A Revolution in Three Acts: The Radical Vaudeville of Bert Williams, Eva Tanguay, and Julian Eltinge

Columbia University Press
Publish Date
8.43 X 11.1 X 0.79 inches | 2.0 pounds


David Hajdu is a professor at the Columbia Journalism School. His books include Lush Life: A Biography of Billy Strayhorn (1996); Positively 4th Street: The Lives and Times of Joan Baez, Bob Dylan, Mimi Baez Fariña, and Richard Fariña (2001); The Ten-Cent Plague: The Great Comic-Book Scare and How It Changed America (2008); and Adrianne Geffel: A Fiction (2020). John Carey is a painter and cartoonist. He was the editorial cartoonist for Greater Media Newspapers for many years. Michele Wallace is professor emerita of English at the City College of New York and the CUNY Graduate Center. Her books include Invisibility Blues: From Pop to Theory (1990).


This vivid book offers the tales and truths of pioneering performers who challenged the rules of race, gender, and sexuality. "Change the joke and slip the yoke," as Ralph Ellison said. And so they did, remaking American art and history and culture in the process.--Margo Jefferson, author of Negroland: A Memoir
Neither revolution nor radical are terms commonly associated with vaudeville. Yet Hajdu and Carey effectively illuminate the significance of three trailblazers who merit such rhetoric and who have been largely forgotten since vaudeville lost its audience to the movies . . . Hajdu's lively scholarship and critical perspective match Carey's spirited renderings, which range from ebullience to devastation. A sharp account that brings life and light to a period that has gone dark in popular memory.--Kirkus Reviews
A Revolution in Three Acts is an incredible work of historical scholarship, entertainment, and artistry.--Foreword Reviews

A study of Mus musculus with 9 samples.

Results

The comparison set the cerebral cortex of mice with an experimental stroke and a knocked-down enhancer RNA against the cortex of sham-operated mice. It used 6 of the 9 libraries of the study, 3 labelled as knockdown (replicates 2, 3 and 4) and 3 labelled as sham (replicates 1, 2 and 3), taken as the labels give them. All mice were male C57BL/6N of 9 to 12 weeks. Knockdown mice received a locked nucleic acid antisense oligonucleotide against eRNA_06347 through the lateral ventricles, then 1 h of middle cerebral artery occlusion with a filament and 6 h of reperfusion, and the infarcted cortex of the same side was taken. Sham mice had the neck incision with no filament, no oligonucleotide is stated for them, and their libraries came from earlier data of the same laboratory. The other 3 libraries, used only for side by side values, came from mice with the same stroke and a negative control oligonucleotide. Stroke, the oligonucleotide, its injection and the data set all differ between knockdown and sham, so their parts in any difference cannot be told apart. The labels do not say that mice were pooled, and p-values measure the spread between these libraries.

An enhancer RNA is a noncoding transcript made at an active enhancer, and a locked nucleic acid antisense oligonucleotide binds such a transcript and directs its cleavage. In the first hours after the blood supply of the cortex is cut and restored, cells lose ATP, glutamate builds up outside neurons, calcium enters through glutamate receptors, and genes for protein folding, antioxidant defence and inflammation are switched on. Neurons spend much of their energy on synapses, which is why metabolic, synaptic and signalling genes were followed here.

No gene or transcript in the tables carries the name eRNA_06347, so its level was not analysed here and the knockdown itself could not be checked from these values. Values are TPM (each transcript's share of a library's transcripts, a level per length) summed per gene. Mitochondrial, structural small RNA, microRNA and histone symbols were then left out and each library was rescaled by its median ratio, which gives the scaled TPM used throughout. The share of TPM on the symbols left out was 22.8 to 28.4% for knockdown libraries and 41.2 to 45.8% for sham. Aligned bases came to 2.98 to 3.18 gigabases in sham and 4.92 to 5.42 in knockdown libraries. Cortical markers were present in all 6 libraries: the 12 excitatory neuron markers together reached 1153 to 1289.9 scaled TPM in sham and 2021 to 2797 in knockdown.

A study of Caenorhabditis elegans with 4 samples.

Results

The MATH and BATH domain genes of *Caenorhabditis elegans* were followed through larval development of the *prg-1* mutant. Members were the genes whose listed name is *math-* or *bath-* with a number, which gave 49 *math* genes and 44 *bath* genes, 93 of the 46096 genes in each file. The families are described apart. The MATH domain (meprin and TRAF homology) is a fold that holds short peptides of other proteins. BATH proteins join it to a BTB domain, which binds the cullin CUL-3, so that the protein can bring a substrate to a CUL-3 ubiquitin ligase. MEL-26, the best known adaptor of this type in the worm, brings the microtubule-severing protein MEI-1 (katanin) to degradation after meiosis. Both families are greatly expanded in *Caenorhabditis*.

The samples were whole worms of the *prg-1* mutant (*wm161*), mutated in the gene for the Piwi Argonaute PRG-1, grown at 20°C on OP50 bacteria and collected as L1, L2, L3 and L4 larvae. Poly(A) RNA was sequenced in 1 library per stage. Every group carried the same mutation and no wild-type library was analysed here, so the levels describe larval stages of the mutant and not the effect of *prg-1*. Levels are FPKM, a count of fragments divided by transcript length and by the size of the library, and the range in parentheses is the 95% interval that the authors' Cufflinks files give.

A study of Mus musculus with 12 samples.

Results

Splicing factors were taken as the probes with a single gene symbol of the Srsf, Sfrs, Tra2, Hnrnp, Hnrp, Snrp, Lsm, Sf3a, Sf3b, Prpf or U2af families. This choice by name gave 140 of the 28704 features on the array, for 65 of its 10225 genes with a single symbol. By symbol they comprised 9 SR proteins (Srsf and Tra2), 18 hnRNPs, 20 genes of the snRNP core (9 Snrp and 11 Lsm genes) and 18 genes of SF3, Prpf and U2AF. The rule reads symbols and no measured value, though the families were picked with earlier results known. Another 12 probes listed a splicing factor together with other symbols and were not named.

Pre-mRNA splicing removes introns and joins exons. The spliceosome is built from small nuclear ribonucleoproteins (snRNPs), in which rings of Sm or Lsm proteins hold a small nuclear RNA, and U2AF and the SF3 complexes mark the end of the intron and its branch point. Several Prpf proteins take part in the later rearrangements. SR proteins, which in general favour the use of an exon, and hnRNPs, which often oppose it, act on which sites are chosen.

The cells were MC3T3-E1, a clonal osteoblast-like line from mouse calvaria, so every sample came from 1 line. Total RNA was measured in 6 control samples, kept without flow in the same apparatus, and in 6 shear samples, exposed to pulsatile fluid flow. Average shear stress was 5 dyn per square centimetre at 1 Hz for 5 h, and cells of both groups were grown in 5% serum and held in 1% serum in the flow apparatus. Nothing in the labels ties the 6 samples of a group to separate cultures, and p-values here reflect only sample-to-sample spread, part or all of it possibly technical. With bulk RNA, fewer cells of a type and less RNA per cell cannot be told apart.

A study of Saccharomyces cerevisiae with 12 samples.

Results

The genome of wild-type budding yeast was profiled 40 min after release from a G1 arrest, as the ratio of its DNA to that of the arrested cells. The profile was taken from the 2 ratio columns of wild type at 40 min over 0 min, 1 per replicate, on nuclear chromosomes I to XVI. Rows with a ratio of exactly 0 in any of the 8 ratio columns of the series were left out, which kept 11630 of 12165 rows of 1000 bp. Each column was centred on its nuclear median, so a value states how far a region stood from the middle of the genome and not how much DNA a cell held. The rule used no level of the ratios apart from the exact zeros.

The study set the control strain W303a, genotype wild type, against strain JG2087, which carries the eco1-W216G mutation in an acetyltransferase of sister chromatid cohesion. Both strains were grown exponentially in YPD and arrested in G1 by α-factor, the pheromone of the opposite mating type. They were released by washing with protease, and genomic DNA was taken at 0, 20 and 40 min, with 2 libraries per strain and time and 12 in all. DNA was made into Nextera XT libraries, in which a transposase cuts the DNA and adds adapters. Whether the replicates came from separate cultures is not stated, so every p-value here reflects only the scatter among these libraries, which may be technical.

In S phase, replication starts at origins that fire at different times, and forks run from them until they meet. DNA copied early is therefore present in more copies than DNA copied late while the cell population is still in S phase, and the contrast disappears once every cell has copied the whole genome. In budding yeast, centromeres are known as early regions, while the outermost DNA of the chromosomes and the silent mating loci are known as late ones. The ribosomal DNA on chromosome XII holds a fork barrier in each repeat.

Using a format as episodic as the unique performance tradition they are depicting, David Hajdu and John Carey introduce readers to three figures who transformed vaudeville and defied the values of their age. Giving voice and images to these remarkable performers and their social and political milieu, we see Bert Williams convert the stereotypes of Blackness in what Frederick Douglass referred to as the 'pestiferous nuisance' of blackface minstrelsy into performances that depicted the pathos of Black people's experience in the racist and segregated US; Julian Eltinge's cross-dressed delineations of femininity reveal the fluidity and performativity of gender, and Eva Tanguay's embrace of the Salome character's sensuality signify 'new' women's rebellion against social constraints.--Lisa Merrill, author of When Romeo Was a Woman: Charlotte Cushman and Her Circle of Female Spectators
Brimming with insight and graphic creativity, this is a highly engaging and informative history of three of the most transformative American performers of the early twentieth century: a Black man who subverted blackface by performing in it, a "wild woman" who "didn't care" about social convention, and a female impersonator who provided beauty advice to multitudes of American women. Hajdu and Carey deftly show us how, rather than being consigned to the margins, they made themselves unlikely stars of the most popular entertainment form of their day: vaudeville, the voice of the city.--George Chauncey, author of Gay New York: Gender, Urban Culture, and the Making of the Gay Male World, 1890-1940
David Hajdu and John Carey's A Revolution in Three Acts offers a thoroughly engrossing, kaleidoscopic historical portrait of three landmark entertainers: Bert Williams, Eva Tanguay, and Julian Eltinge, artists who challenged the presumptive rigidity of racial, gender, and class categories both off the stage as well as on it. With its crisp, vivid, animated narration, it is a book that illuminates the intersecting careers of these pathbreaking performers and the electrifying ways that they each used vaudeville as the space where American identity could be radically reimagined. A page-turner.--Daphne A. Brooks, author of Liner Notes for the Revolution: The Intellectual Life of Black Feminist Sound
A Revolution in Three Acts is a vivid window into a bygone era of American entertainment. Here is vaudeville and all its comic, dramatic, and tragic dimensions as witnessed in the lives of three of its most pivotal practitioners. David Hajdu and John Carey have not simply crafted an elegy for an art form, they have chronicled the figures whose talent made it great in the first place.--Jelani Cobb, author of To the Break of Dawn: A Freestyle on the Hip Hop Aesthetic
Three amazing people--Bert Williams, a Black entertainer who pushed the boundaries of minstrelsy; Eva Tanguay, a sexually provocative and funny performer whose best-known song is about not caring what people thought of her; and Julian Eltinge, a cross-dressing vaudevillian who even had his own magazine--are the stars of this entertaining, thought-provoking work of graphic history.--Roz Chast, author of Can't We Talk About Something More Pleasant?